Finding friends: How to meet other new parents

You may be thinking: Friends? I already have plenty of friends! But a parent friend is different.

We’re talking about someone who’s living through the same sleep, feeding, and development issues you’re facing with your new baby. Someone who’s happy to talk about poop, breast milk, and spit-up. Someone who won’t mind – or notice – that you’re wearing the same sweats you wore yesterday and the day before.ADVERTISING

This kind of camaraderie will help you more than you can imagine. But forming new friendships isn’t always easy, and approaching new people can feel as awkward as a first date. Here are some tips to make it easier.

Step 1: Locate other new parents

“It’s always a challenge – not only making new friends, but finding them!” says Rollie Sampson, a military spouse who has moved a lot. “I usually start with playgrounds and play areas at restaurants.”

You can also find a moms’ group or dads’ group in your area or sign up for parent-and-baby classes, such as yoga, swimming, or music. Many neighborhoods and towns have their own parents’ clubs, and libraries, churches, and synagogues often do too.

“I joined a mothers’ group that resulted from a newborn class led by the county nurse. We still meet twice monthly, 22 years later!” says Linda Carlson.

Another good spot for finding friends is the gym, where you can exercise and meet potential pals in one fell swoop.

“I’ve met many moms walking from class to the childcare area,” says Caren Cohen. “It’s natural to gravitate from there to coffee or lunch.”

You might just meet a new friend while you’re doing errands, taking your baby on a walk, or even waiting in the pediatrician’s office. So aim to get out of the house at least once a day, and keep your eyes open for chances to make a connection.

When Jessica Barton took her 6-week-old to the mall, she didn’t expect to stumble upon a friendship. But she happened to see another new mom sitting on a bench.

“She was fumbling with a bottle while her baby screamed. My son was working himself into a major ‘I’m hungry’ tantrum as well, so I looked at her and said, ‘Is this seat taken?’ We fed our boys and started sharing the details of their births,” says Barton.advertisement | page continues below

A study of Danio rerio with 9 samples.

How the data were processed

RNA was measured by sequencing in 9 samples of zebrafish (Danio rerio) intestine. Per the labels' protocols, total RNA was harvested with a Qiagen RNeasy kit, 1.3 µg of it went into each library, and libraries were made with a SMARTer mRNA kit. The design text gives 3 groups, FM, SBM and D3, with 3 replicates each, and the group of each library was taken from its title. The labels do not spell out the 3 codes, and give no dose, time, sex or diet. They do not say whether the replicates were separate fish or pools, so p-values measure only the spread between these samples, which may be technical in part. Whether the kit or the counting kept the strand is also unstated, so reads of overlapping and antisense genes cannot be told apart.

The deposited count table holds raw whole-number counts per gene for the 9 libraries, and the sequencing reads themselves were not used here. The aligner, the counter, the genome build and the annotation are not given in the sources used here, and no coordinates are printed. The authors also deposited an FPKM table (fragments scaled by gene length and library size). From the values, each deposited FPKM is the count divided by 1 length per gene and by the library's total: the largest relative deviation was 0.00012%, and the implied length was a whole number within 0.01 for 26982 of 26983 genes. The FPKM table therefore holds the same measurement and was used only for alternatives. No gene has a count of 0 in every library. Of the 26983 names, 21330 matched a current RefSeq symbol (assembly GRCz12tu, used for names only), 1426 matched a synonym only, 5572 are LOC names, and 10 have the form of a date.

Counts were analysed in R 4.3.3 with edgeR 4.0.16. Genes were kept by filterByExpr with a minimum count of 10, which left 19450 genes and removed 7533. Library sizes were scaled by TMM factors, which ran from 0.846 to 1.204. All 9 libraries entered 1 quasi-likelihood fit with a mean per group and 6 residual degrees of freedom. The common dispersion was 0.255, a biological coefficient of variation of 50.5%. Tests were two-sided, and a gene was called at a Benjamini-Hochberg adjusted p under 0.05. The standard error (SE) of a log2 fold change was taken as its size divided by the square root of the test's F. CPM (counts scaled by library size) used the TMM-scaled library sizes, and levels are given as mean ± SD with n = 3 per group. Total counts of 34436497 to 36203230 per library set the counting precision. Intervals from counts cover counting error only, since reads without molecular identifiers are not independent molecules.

By the end of the conversation, Barton’s new friend had invited her to a playgroup. The two moms are still buddies four years later.

Consider your online options, too. Apps like Smile Mom are a great way to meet local moms and schedule playdates. Online social networking helps you get in touch with old friends and make new ones. And if you haven’t already, create a profile on BabyCenter’s Community and put the call out to moms or dads in your area.

Step 2: Make your move

Okay, so you’re getting out of the house, you’ve joined a parents’ club, and you’ve registered for a class or activity. Now it’s time to focus on approach.

“The pick-up line that always works for me is ‘How old is your child?'” says Kathleen Kerber. “If someone wants to talk, you can go from there.”

Complimenting someone’s baby is another conversation starter. “The best mommy pick-up line is ‘You’re probably tired of hearing how beautiful your baby is!’ No mother ever gets sick of hearing her baby is beautiful, so you’re in,” says Jenna McCarthy, author of The Parent Trip: From High Heels and Parties to Highchairs and Potties.advertisement | page continues below

Gear-related icebreakers work well too. “I often will say something like, ‘That baby sling looks so easy to use. Would you recommend it?'” says Katja Presnal.

If you’re feeling shy that day and just can’t get out a greeting, you can always let your child help.

“My favorite way to pick up mom friends is to wait for one of our children to inevitably push or hug a little too hard,” says Jessica Smith.

“If my child is the perpetrator, I apologize profusely and then ask how old her child is, which gets the ball rolling. If her child is the perpetrator and she apologizes, I say that if it wasn’t hers, it would have been mine.”

Even with the smoothest introductions, making small talk can be nerve-racking. “I find myself stressing about everything I say. I don’t want to come off too strong and run off a good prospect!” says Stephanie Johnston.advertisement | page continues below

It helps to remember that many other new parents want to make friends just as much as you do. If you do encounter someone who isn’t interested, don’t take it personally

Step 3: Seal the deal

There’s no getting around it – exchanging phone numbers or email addresses with someone you barely know can feel awkward.

“I started talking to another mom on the playground today, and I couldn’t shake the feeling that it was like a first date. It felt even stranger when I gave her my number!” says Jenn Savedge.

Weird as it may feel, just bite that bullet and go forward. Think about it this way: If you put off making a move, you could lose your chance.

“I was having a great conversation with another mommy at one of those mall playground places. I was just about to ask for her email address and a playdate when her sister showed up and whisked the whole family out from under me. It was like losing that great guy at the coffee shop when the hot barista comes along,” says Stephanie Johnston.advertisement | page continues below

The simplest wording is probably best: “Would you like to get together for a playdate sometime?” (The term works even if your kids are too young to play together. For parents of babies, “playdate” really means “sleep-and-eat-date.”)

Others go the online route by asking whether a potential friend is on a particular social networking site, then following up from the comfort of their keyboard.

No matter your approach, keep in mind that other parents are probably feeling just as self-conscious – and just as hopeful – about making new friends as you are.